Note: full-size version of the above map is here: http://www.emersonkent.com/images/mexico_1824.jpg
We were driving to church one Sunday, and we were talking about Mexico. My son has been thinking a lot about Trump and his goddamn stupid wall idea (I've talked to him a little about the man, but he's also seen Trump's name online a few times). And I mentioned how Mexico used to be a much larger country - all the way up to the southern edge of Oregon.
"But that all changed after the Mexican-American War. And that's a whole different story."
Time was, he would have just moved onto another subject. But this time he turned back to me and asked this:
"I wonder what that story is."
He was curious.
So I told him some of the story. Not all, but some. I told him about how Texans pretended to be happy immigrants to Mexico, just hanging out, enjoying the land, until there were enough to make a scene. And how the Texans declared their rights weren't being honored. And then the American army interceded, and then the war, and then the claiming of California and Arizona and New Mexico as the spoils of war.
He listened intently. He didn't say much. He asked a couple of questions, but mostly he soaked it in like a sponge soaks in water.
He's turning eleven soon. He's right on the cusp of middle school, right in that awkward sweet spot of tweenhood - not a child anymore, but not yet a teenager. He's changing. And one of the ways he's changing is the conversations we have.
His mind is expanding, and his curiosity is growing along with it. He's been so interested in so much lately. I find myself having the most unexpected conversations with him.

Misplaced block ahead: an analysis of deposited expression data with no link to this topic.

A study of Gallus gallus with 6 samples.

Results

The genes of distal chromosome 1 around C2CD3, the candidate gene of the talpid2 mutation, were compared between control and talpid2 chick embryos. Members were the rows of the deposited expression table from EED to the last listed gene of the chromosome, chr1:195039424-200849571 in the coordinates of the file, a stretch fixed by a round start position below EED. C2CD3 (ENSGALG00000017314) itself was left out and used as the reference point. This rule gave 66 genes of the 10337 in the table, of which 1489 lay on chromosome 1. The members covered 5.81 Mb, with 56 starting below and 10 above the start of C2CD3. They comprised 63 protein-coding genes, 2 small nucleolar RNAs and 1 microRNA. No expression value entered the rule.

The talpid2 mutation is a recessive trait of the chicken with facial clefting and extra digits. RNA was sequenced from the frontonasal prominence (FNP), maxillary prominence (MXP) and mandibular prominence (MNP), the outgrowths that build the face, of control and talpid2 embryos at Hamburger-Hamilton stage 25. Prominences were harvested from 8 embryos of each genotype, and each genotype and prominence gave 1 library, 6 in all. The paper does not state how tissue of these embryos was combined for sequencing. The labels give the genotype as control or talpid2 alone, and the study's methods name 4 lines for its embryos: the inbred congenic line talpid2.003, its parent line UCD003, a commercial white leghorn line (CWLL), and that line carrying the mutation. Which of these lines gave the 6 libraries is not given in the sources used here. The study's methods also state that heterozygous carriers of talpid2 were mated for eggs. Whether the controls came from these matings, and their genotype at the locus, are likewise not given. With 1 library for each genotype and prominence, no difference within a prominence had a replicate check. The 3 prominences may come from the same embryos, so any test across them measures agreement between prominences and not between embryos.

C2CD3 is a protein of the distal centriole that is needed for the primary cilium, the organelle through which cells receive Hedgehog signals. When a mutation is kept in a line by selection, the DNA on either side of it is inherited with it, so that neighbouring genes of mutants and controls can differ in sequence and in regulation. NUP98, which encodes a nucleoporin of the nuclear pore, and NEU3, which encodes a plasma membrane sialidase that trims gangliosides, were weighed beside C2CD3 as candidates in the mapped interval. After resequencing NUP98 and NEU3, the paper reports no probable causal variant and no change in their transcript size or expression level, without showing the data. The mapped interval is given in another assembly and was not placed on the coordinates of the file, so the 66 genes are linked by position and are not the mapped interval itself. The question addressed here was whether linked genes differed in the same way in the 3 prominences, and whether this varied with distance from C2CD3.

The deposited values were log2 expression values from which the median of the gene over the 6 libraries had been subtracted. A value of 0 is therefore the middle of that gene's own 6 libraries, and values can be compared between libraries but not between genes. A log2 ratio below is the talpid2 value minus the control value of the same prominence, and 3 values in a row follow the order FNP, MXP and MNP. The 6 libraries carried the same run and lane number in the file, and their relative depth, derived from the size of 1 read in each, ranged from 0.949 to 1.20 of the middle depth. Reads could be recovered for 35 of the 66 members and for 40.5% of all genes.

- He's interested in Hillary Clinton becoming the first woman president, and he thinks it's odd that we've never had one before. " I wonder why that's never happened before." So I explained to him how it wasn't until recently, relatively speaking, that this country would even accept a female CEO or take a woman politician recently. "Remember, Obama is the first black president," I told him. "that means that after two hundred and thirty something years, our country finally was able to accept that a black man could be the leader. We finally evolved to that point. We might be ready as a country to accept a woman president. We might have finally evolved to that point."
- Slavery. That whole concept perplexes him. A few years ago, he would have kept it simple. When he was little, he would have said something about the lessons on Martin Luther King Day, how black and white people should be treated the same. But he keeps turning over the question in his head, and he asks me sometimes. "I wonder how people were so dumb that they treated people as slaves."
I've approached it a few ways. I've talked to him about how people (white European people) didn't see black people as human. I've talked to him about the economic benefits of slavery, how the South became an economic force on the backs of slave labor.
I've talked to him about the similarities between how slaves were treated then, and the way Trump and his ilk talk about immigrants now. The dehumanization. The casual acceptance of treating some other group as less-than. He listens and thinks and listens some more.
This is my son now. He asks questions. He wants to know more. I can have these deep conversations with him now because he is so obviously interested. He's trying to make sense of the world, of politics, of hatred, of othering. He wants to know the real story.
I'm going to be honest. I love having these conversations with him. I love that he's curious. I love that I can have deeper, more complex discussions with him now. But at the same time, history is messy and heart-breaking, and I know this because he struggles sometimes with it. He is troubled - as he should be - by the sometimes dark, sometimes barbaric, sometimes horrific history of our country.
We were standing on the beach last weekend, talking about slavery (as you do). He said suddenly, "I wish I could go back in time and change the past."
"I know," I told him. "I wish the same thing. But our history is our history. And it's important that we know what happened, and we're honest about it, so that we never make those mistakes again."
"I hope we don't," he said solemnly.
If he is any indication of his generation, we won't.